As a social studies teacher, there are few things I love more than the presidential debates. I love that the challenger can stand on the same stage as the leader of the free world and make snarky comments! I love how the audience promises to be silent! I love the procedure of it – the moderator uses a timer! The candidates have notes! The questions are not released before hand! In the era of canned sound bites and identical stump speeches (seriously, check it out) it is enormously refreshing to hear the candidates speak about domestic issues without teleprompters or handlers. We know what Obama would do with education because, in some way or another, we have all felt the impact of Race To The Top and NCLB wavers over the past four years. Let’s take a deeper look at Romney’s ideas on education.
First of all, they’re pretty similar to the president’s. Romney praised the work of Arnie Duncan in last night’s debate and expressed his support for the work the Department of Education has done with “raising the bar” for states and local school districts by providing incentives at the federal level. However, he was also adamant about the key role state and local government play in making decisions about schools. Romney suggested a few different ideas but let’s look at two: 1) federal funding “following” students from one school to another and 2) grading schools, as Florida under Jeb Bush did, on an A – F scale inorder to “give parents options for their kids.”
We have a decentralized education system in the United States. In the same way local government, often school boards, are the main decision-makers for US schools, state and local governments also raise most of their schools’ funds. Only about 10 cents of every dollar spent on schools actually comes from the federal government. Additionally, federal funds – unlike state and local funds – are given out on a per student basis. Federal monies are often attached to specific programs like Title 1 or legislation like IDEA and therefore those funds would be really difficult to tease out on a student by student basis. This gets tricky because federal funds are more frequently linked to students with special needs or circumstances (disabilities, poverty, ELL, etc.) – students are not receiving equal amounts of money from the federal government. Typically this isn’t a problem: a student with Down syndrome has very specific needs that make her more expensive to educate than her classmates without IEPs. While this is certainly not equal it is fair; it make sense. But what happens to the special education teacher that supports the student with Down syndrome on a one-to-one basis when another child’s parents in the same school choose to move him to a school across town? As someone who has spent 7 of my 10 years in a charter school I am certainly for some school choice, but I think money must be moved at a local, not federal, level.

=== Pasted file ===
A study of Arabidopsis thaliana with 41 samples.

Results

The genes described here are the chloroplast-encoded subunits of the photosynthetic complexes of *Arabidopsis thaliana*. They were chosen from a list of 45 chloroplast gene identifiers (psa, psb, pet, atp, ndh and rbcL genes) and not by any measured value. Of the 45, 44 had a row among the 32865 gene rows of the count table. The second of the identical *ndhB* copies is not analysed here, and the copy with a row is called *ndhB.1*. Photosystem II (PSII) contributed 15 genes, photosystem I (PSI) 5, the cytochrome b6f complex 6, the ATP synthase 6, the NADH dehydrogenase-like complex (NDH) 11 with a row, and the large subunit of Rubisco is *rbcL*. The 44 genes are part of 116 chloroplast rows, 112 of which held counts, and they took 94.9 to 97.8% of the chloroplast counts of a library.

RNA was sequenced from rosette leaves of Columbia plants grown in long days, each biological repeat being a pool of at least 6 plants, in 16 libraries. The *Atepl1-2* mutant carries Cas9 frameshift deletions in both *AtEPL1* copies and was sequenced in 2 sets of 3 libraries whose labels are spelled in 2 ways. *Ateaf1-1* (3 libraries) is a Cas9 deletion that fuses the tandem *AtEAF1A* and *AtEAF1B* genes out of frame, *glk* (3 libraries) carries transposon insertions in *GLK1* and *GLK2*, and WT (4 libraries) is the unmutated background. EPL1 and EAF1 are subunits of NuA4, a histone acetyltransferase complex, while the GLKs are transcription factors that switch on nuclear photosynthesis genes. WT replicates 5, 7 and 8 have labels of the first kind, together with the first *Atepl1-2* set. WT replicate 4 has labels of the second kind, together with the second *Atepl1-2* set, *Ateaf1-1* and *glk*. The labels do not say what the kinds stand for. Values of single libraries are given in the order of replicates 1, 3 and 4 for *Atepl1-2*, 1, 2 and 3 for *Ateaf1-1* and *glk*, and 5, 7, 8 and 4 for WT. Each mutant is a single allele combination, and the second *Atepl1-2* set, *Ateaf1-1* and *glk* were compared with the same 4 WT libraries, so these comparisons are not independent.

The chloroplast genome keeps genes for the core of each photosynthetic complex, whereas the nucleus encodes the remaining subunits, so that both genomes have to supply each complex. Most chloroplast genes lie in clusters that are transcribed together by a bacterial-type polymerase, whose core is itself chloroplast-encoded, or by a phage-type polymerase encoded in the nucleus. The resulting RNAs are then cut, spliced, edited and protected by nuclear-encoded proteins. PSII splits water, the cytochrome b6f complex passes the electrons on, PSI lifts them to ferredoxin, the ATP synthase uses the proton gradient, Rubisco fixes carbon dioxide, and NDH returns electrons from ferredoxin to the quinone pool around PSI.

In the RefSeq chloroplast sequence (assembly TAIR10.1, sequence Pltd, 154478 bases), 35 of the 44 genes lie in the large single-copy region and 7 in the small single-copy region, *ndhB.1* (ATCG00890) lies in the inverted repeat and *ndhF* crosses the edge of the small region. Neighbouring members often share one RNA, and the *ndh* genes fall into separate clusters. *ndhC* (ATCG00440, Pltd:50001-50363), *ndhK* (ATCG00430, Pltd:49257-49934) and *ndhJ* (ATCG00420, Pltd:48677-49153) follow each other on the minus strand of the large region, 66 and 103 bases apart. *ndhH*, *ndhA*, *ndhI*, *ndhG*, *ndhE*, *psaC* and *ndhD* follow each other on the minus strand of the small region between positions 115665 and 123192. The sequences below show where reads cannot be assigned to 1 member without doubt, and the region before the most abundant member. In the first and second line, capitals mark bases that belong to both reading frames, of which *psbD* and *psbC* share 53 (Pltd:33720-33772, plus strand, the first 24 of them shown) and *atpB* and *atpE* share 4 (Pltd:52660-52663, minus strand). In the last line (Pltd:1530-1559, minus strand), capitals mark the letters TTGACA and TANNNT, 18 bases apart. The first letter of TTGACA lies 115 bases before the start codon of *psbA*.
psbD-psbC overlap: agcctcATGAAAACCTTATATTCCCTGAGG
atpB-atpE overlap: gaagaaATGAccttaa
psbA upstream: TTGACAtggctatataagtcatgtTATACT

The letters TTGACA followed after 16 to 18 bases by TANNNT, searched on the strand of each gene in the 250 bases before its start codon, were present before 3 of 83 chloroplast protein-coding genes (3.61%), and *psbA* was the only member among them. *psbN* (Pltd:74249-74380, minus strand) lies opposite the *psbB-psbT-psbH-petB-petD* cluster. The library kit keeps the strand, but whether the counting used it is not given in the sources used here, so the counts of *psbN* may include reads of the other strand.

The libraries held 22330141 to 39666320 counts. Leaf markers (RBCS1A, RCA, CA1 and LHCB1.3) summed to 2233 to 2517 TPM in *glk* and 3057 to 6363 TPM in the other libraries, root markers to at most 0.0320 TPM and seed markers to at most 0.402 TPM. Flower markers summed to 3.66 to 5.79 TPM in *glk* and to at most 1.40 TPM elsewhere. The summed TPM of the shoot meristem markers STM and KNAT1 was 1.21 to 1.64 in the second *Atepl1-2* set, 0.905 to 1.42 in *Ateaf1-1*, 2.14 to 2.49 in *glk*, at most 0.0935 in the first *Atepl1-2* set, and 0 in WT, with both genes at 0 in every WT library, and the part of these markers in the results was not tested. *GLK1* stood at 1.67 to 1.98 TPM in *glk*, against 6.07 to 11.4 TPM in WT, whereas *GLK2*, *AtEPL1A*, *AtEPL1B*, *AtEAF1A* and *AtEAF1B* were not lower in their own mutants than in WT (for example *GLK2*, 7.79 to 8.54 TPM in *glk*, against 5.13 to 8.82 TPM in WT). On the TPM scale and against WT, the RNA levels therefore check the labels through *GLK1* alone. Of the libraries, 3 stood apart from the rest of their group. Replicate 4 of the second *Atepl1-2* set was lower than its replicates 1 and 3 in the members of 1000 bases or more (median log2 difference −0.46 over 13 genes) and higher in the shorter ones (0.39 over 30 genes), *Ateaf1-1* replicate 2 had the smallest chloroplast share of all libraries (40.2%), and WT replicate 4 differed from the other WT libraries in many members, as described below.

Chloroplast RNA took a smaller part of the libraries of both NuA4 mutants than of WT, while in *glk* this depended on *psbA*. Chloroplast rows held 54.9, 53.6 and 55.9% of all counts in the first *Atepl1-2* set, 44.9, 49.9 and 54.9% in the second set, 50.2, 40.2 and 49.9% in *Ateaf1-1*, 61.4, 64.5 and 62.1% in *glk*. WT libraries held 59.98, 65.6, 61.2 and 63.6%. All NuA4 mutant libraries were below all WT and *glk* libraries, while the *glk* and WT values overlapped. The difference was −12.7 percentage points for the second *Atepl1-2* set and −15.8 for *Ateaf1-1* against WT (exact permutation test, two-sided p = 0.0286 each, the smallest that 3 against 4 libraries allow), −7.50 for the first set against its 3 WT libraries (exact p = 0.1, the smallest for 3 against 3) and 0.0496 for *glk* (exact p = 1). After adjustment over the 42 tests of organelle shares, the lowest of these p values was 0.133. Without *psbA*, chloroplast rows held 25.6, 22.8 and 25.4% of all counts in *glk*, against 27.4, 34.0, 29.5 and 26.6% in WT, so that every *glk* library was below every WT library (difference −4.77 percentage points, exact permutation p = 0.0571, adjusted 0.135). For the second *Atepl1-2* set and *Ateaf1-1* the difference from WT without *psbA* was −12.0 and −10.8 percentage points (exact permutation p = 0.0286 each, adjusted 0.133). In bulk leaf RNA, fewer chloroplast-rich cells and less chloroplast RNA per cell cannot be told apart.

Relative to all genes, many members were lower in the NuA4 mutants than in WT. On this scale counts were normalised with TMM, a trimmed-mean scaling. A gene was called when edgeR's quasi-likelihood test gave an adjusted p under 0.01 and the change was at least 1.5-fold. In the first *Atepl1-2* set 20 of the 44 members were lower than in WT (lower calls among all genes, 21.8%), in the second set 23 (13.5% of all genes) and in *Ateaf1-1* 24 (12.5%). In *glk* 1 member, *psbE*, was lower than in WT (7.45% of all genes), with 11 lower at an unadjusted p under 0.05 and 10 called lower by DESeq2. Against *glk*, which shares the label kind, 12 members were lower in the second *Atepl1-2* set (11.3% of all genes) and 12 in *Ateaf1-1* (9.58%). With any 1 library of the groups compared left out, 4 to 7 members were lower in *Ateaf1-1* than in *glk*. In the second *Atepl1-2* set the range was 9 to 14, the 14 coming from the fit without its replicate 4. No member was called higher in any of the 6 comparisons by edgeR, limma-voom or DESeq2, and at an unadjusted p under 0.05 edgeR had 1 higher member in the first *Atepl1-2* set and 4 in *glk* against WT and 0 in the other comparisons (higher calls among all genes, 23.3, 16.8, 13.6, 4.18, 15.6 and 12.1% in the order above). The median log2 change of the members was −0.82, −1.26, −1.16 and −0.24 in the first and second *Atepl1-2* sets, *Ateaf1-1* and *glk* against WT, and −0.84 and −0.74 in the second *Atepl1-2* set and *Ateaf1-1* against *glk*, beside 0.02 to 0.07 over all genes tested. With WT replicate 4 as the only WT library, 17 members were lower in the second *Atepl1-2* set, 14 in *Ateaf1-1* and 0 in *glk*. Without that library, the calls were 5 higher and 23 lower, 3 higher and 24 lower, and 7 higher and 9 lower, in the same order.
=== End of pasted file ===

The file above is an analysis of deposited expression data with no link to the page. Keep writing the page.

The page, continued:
I am also extremely wary of a federal grading system for schools. I deeply believe parents and students should be the evaluators of the education they receive (see my reflection on teacher evaluation and the possible role of parents here). While districts and potentially states might be able to release comparisons of various schools within their jurisdictions, comparing across state lines in a simplified letter grade system seems like creating a letter grade system for athletes across all sports. Lebron James and Gabby Douglas are both world class athletes but for hugely different reasons and in vastly different sports. Can you image one rubric that would effectively encompass all of what makes them exceptional at their respective sports? And now consider one rubric for all schools across the United States. Would the grade be linked to test scores? If so, which tests? ACT or SAT? Then what does that mean if my kid is in elementary and I want to know if my daughter’s teacher is any good?
What I find so surprising about Romney’s proposals is how much they rely on the power of the federal government. He’s a Republican for petesake! What happened to returning power to the states? I certainly think the federal government can play an important role in raising the bar for states who are reluctant to takle education reform – as Race To The Top did and as Common Core implementation will – but that role should be limited. Let’s leave funding and evaluation largely in the control of the people who have the most to gain or lose from their children’s schools.